The Need for National Consensus in Yemen
- 24 June 2013
The differences that have cropped up during the most recent National Dialogue Conference (NDC) session in Yemen, over the system of government in the future, are an indication of the obstacles facing the country’s aspirations and to its efforts to draw a roadmap for security and stability. At a time when regional and international powers are looking at the process of dialogue as critical to Yemen’s transition, differences have surfaced once again on this issue. This is a worrying sign because it demonstrates a lack of agreement on issues of national concern in Yemen, which will have a direct bearing on the country’s present and the future.
The South Yemen Movement (SYM) representatives are demanding federal northern and southern states while the General People Congress (GPC) and the Yemeni Congregation for Reform – also known as ‘Islamic Reform’ – visualize a local government system. Other small formations favor a federal multi-province system. These differences have sprung up at a crucial time in Yemen’s history. The country faces threat from Al-Qaeda, secessionism, sectarianism and deteriorating economic situation, which has a negative impact on security and living conditions of the people. A problem such as this can only be resolved through consensus and common understanding of issues.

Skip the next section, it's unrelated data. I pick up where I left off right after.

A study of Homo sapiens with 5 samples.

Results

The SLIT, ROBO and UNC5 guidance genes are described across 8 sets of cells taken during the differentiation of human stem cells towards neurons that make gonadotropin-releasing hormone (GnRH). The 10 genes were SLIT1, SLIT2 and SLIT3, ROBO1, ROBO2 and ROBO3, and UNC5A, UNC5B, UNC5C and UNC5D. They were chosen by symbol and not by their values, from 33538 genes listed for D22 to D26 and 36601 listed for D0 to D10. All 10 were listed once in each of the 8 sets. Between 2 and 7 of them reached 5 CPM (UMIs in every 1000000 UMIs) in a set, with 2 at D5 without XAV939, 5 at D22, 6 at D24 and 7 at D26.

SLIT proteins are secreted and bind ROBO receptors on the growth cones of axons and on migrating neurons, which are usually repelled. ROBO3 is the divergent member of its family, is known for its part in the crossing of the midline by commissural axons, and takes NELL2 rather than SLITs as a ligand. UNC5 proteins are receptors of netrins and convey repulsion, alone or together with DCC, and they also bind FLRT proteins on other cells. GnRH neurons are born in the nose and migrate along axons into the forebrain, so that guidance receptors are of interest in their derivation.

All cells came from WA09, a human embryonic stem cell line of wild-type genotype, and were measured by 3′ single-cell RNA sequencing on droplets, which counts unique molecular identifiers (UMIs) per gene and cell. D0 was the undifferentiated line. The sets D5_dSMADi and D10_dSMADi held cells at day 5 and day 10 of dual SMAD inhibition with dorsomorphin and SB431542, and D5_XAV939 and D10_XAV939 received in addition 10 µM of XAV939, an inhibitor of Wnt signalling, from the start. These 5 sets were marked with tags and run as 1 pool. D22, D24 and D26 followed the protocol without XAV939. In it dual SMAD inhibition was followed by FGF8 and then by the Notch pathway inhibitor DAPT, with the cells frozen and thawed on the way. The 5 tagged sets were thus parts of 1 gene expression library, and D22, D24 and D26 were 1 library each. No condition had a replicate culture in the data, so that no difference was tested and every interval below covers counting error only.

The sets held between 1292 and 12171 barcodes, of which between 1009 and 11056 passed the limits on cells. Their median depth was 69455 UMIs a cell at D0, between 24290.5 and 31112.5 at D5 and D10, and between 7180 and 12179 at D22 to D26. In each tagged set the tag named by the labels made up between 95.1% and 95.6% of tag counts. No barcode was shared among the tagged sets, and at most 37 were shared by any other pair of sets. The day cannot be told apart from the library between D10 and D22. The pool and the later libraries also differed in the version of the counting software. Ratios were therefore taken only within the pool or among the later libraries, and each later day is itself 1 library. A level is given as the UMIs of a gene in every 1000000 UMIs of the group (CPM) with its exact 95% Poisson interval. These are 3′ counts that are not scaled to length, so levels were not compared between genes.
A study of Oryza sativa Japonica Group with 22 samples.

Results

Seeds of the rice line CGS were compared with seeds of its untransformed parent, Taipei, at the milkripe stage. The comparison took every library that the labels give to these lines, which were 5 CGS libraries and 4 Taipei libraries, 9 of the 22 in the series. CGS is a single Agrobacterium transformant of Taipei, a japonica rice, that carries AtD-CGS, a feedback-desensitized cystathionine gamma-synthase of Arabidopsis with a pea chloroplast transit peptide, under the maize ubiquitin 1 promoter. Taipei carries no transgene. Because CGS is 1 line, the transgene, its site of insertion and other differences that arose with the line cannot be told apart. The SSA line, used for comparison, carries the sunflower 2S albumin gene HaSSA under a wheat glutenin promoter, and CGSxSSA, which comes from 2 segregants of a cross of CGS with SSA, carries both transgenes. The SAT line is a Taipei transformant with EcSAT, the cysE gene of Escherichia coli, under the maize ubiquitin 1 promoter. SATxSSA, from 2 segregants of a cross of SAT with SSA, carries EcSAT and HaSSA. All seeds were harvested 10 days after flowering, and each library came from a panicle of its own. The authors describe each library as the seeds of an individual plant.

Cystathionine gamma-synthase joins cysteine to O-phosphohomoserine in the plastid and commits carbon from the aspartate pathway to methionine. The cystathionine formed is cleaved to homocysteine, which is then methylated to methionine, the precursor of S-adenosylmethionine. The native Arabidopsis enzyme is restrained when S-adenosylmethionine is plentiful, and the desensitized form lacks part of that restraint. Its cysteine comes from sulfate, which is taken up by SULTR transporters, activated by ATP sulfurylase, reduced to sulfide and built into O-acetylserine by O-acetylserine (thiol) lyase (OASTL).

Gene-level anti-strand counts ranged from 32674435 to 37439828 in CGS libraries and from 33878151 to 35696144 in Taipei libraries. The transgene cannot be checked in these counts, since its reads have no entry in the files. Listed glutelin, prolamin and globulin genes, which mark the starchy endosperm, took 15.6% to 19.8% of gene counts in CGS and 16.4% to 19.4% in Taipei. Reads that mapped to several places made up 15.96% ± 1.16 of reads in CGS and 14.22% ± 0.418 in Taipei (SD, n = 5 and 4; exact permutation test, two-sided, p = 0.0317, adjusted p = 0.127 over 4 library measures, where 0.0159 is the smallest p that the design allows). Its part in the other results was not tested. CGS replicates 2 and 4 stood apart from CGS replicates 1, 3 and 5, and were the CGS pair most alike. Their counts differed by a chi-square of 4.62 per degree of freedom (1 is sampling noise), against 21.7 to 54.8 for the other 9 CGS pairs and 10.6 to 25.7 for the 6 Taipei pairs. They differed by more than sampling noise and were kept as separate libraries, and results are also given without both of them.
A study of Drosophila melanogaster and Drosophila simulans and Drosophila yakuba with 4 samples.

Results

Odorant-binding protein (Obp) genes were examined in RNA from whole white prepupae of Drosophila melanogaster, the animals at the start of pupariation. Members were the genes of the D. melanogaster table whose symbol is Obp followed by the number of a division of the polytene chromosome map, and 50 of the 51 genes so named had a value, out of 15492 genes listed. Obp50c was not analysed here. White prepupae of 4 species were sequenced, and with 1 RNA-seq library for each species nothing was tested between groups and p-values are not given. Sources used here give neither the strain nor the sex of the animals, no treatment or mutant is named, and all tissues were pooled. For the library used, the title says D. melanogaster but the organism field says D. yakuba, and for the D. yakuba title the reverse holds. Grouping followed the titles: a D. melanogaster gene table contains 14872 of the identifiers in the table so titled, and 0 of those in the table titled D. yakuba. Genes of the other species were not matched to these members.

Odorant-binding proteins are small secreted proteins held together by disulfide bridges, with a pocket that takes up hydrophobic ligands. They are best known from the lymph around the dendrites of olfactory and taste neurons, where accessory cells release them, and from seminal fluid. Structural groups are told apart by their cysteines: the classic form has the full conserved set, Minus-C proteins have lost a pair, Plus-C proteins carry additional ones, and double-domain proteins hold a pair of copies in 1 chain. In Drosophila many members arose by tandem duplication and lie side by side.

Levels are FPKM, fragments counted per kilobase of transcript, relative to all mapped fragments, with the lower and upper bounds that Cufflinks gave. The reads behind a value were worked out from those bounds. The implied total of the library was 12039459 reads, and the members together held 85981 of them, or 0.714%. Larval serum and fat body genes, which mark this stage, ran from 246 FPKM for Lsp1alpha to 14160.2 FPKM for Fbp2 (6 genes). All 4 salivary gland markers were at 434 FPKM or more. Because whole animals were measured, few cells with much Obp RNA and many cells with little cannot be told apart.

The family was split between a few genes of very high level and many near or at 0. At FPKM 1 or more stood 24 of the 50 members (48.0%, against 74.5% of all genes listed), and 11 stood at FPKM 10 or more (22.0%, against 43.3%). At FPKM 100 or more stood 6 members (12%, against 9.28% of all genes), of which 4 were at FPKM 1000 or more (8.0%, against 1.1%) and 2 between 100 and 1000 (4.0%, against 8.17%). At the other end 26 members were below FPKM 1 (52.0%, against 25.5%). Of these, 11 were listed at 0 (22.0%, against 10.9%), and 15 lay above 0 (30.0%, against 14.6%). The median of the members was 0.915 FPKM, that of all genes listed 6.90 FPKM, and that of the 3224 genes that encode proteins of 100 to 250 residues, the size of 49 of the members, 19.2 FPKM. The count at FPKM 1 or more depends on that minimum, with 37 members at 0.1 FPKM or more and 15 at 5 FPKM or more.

The national dialogue, which is the result of the Gulf Initiative, is certainly the most important step in the transition of Yemen. It offers an important opportunity to tackle critical issues such as endorsement of a new system of government, re-writing of the Constitution – which will be subjected to referendum later this year – and preparation for legislative and presidential elections of 2014. Political powers must realize that the success of national dialogue will put Yemen on the right track and that differences can be only resolved through common will and understanding.
The successful of this process would serve national, regional and international interests for several reasons, primarily because Yemen adds strategic depth to the security and stability in the Gulf and the Middle East. This would bring security and stability to Yemen and thwart bids being made to create chaos in the country. The dialogue will also set the stage for continued Gulf, Arab, and international political and development support for Yemen to help Yemenis overcome obstacles and begin a new phase of reconstruction and development. For this to happen, various political powers should put the country’s interest ahead of minor differences in times to come.